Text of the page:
The pensive blues, the dignified reds, the warm, embracing yellows and browns—these colors give life to the desert landscape and to the paintings and textiles on view at the Heard Museum as part of the exhibition Personal Journeys: American Indian Landscapes. Featuring artists of Native American heritage, like Elizabeth Yazzie and Fritz Scholder, the exhibition offers an alternative interpretation to Western artist’s hackneyed depiction of a simplified relationship between Native Americans and their land. Whereas in Southwest art the landscape is diluted and the Native American subject is a passive object vulnerable to the Western gaze, in Personal Journeys: American Indian Landscapes the landscape is modernized and imbued with personal narratives and cultural symbolism from the Native American artist’s viewpoint; thus, the subject becomes the creator, able to take control and create their own experience of their native heritage for the viewer to interpret, absorb, and learn.
After walking around the entire exhibition, housed in a medium sized gallery in the back of the museum, my first impression of the exhibition is that it seems organized along formal styles, with the more naturalistic paintings hung at the entrance, proceeded by more abstract, stylistic artworks. Tony Abeyta’s Canyon painting is the first artwork, displayed next to the exhibition title, and Fritz Scholder’s Taos Landscape resides nearby in a section of large scale gestural landscapes. In Abeyta’s Canyon, a road in the foreground winds through tremendous red canyons while heavy clouds in the distance bring streaks of rain upon these canyons. The scene is meant to represent Abeyta’s experience of hiking in Taos among a rocky landscape devoid of human activity.
Compared to Scholder’s Taos, Abeyta’s painting follows a more naturalistic style, with a single point perspective and linear forms creating depth and clarity. Despite my preference for the former’s sketchy style of fluid forms and flat colors, Abeyta’s Canyon is evidence of the multitude of styles afforded to contemporary Native American artists; rather than sticking to one, the artists in the exhibition each implement their own specific style to communicate what their heritage means to them.
From painted landscapes, the exhibition transitions to incredible textile artworks; the ones that stand out the most, in my opinion, are the wool textiles of Larry Yazzie and Elizabeth Yazzie. Larry’s weaved rug titled Blue Canyon Transition conveys the artist’s home in Blue Canyon, Arizona through a symmetrical composition of energetic, repetitive geometrical designs in subdued grays, blues, and reds. The picture’s flat background—a light tan color—protrudes from the wall with the help of the wall’s dark blue tone. Using traditional materials and designs of Native American rugs and blankets, Larry links his artistic practice to generations before him, yet his practice is also rooted in contemporary art through his recognition of the flat picture plane and his abstraction of form to specify movement of the canyon’s changing elements.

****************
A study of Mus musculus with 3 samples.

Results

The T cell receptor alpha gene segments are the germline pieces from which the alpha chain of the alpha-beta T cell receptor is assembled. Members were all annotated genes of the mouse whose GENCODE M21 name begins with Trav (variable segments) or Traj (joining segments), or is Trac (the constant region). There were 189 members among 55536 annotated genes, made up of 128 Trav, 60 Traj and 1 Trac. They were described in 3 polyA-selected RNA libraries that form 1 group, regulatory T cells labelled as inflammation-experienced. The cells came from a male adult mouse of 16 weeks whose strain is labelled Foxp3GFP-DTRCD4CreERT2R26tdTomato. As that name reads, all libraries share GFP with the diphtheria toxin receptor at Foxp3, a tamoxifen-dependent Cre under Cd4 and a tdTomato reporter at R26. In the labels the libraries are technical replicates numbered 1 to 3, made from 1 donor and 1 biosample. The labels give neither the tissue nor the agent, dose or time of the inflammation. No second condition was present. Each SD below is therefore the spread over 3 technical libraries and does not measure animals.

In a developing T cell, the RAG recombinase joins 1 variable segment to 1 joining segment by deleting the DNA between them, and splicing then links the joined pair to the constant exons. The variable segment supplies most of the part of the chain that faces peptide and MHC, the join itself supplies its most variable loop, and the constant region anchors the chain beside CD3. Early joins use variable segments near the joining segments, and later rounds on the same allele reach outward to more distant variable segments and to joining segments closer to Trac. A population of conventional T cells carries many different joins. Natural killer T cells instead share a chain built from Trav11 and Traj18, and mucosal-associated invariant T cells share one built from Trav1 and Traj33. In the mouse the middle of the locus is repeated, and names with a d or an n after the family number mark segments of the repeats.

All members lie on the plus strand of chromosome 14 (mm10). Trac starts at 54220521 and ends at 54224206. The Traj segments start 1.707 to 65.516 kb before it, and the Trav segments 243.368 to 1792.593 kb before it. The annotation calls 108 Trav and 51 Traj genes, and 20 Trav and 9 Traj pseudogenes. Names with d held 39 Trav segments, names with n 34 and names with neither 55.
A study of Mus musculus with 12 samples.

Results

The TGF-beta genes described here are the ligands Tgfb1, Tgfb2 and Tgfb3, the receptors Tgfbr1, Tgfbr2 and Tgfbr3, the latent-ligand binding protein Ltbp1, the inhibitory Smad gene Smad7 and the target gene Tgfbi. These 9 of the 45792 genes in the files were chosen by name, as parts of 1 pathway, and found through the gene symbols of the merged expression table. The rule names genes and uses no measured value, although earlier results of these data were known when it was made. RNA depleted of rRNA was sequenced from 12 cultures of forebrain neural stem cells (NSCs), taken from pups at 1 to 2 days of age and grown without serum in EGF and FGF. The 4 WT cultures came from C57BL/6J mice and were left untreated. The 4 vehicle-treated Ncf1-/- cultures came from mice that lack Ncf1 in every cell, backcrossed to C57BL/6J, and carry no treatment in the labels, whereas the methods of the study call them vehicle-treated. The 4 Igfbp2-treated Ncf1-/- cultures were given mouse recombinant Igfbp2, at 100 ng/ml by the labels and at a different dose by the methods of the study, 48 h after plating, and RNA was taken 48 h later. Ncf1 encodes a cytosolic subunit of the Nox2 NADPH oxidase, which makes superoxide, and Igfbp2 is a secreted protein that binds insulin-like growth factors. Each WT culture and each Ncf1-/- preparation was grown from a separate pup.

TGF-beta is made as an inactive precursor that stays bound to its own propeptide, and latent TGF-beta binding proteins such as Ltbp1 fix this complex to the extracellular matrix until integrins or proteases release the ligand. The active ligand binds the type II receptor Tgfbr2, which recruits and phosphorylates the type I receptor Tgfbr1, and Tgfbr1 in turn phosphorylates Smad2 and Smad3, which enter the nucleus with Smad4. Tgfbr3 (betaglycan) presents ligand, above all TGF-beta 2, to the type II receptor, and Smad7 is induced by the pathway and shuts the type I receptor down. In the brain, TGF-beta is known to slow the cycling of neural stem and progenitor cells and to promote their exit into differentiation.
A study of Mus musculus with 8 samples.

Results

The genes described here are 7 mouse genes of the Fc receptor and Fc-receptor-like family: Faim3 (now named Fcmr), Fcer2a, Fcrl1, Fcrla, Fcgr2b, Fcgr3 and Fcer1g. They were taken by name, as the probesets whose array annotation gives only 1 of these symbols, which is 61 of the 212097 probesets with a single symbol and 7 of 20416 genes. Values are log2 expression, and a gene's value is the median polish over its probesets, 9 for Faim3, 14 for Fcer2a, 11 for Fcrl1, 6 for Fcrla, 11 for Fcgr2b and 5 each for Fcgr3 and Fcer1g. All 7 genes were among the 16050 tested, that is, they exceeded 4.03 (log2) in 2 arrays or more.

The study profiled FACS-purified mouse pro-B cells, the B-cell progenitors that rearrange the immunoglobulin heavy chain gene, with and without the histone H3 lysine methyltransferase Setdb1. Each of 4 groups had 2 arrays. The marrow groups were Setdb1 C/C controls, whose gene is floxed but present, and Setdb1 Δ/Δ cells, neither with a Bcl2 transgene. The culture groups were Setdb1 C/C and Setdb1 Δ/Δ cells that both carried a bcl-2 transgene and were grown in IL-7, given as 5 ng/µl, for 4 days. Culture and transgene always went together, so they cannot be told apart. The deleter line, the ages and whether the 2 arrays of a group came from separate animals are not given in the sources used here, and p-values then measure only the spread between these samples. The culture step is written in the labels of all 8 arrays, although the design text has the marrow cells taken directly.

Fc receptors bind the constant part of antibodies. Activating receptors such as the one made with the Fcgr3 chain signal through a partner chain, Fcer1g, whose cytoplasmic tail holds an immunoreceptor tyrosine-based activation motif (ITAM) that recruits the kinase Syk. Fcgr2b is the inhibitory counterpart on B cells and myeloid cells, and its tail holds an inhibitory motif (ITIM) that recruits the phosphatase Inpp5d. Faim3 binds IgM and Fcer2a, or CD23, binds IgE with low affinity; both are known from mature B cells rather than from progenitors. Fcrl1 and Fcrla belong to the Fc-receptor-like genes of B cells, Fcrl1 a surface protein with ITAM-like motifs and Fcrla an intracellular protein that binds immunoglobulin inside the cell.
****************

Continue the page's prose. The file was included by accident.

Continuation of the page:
In contrast to Larry Yazzie’s, and the previously discussed landscapes, uninhabited representation of the Southwest, Elizabeth Yazzie’s weaved rug is populated with Native Americans, some in traditional garments, partaking in daily and festive activities such as transporting goods by horse drawn carts and dancing at wedding celebrations. With a schematic layout, Elizabeth shows us the richness of this social life occurring against the backdrop of triangular mountains that mark the separation of the ground and the sky in the upper half of the composition. Nostalgic sentiment permeates through these social scenes of pre-modern life, as though the artist wished to evoke the sense of community and abundance before the advent of modernity and its negative effects on Nation populations.
A similar triangular motif reoccurs in Pablita Velarde’s Untitled watercolor, in which red and yellow triangular mountains give way to a cool blue traversing throughout the landscape. This blue symbolizes the rivers that the deity Avanyu, the guardian of water, created at the bequest of the rain goddess Yei—the thin, elongated figure in the upper left. As can be seen in various artworks of the Pueblo people and in Velarde’s painting, Avanyu takes the symbolic form of a serpent. The kiva murals from the 15th century, which were created for ritualistic purposes, were a source of inspiration for Velarde’s abstract rendering of this mythological scene. Although the landscape paintings have their own merit, I think the art of Velarde’s, and of Elizabeth Yazzie and Larry Yazzie, are more significant in preserving traditional materials and styles in contemporary art, while incorporating their own individual voice in their artistic practice.